Press Release

Location: Indianapolis, IN

Hearing at Indiana State Fair Highlights Importance of Reporting, Identifying Scams

Today, Senator Joe Donnelly hosted a Field Hearing of the U.S. Senate Special Committee on Aging in Indianapolis to help Hoosier seniors recognize potential warning signs of financial predators. With millions of Americans targeted by intricate consumer fraud schemes, the hearing provided an opportunity to expand the conversation, encourage collaboration, and consider ideas on how to effectively address this issue going forward.

The hearing entitled, "Trust Your Instincts? Tools to Empower Seniors to Identify Scams and Fraud" was on Senior Day at the Indiana State Fair and featured testimony from: the AARP of Indiana, the Indiana Association of Area Agencies on Aging, the U.S. Postal Inspection Service, Indiana Attorney General Greg Zoeller, and a Hoosier whose family member was affected by a phone scam. Congressman Andre Carson also participated in the hearing.

Donnelly brought together experts and Hoosiers in an effort to help ensure Hoosiers of all ages know how to identify and properly report scams and fraud.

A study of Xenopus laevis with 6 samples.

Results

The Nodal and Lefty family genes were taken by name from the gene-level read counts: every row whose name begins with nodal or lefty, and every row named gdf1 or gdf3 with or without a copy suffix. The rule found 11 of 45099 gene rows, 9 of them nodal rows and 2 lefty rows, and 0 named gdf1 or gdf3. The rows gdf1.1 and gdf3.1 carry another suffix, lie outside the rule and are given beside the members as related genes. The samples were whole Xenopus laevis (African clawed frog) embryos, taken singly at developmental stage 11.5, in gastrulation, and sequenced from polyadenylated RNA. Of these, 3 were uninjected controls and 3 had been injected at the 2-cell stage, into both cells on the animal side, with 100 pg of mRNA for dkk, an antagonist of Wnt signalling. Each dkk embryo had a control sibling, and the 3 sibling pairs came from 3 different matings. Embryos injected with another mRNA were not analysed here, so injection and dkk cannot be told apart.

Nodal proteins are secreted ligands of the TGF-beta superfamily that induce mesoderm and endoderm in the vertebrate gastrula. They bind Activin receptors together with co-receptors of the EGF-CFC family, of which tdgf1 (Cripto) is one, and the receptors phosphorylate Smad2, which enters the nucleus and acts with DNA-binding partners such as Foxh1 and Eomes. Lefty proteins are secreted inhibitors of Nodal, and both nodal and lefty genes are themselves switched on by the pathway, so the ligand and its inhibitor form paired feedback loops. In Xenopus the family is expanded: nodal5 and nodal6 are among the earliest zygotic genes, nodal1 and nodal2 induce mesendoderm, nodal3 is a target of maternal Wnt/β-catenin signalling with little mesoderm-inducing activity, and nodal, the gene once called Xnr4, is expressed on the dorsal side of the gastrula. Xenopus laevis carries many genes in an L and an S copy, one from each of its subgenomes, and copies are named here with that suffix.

Donnelly, who serves on the Special Committee on Aging, said, "Consumer fraud and scams have been and continue to be a significant problem, especially among our growing senior population. After a lifetime of hard work, seniors should have peace of mind knowing they can enjoy their retirement in peace and with financial security. By providing seniors with knowledge and resources to identify scams and fraud, we can reduce the number of victims who lose out financially to these often-sophisticated schemes. By bringing together lawmakers, law enforcement professionals, advocacy groups, and seniors, we strive to increase awareness of senior fraud, encourage collaboration between all stakeholders, and consider new ideas on how to effectively address this issue going forward."

Joyce Walker, a Hoosier whose family member was affected by a phone scam, said in prepared testimony: "My mother may have been 93-years-old, but she was nobody's fool. So when "he' called her to tell her that she had won big money, she was not about to fall for that. However, 6 weeks later when "he" called again, she fell under his spell. When I caught up with her, she had written and mailed checks for thousands of dollars to people she didn't even know."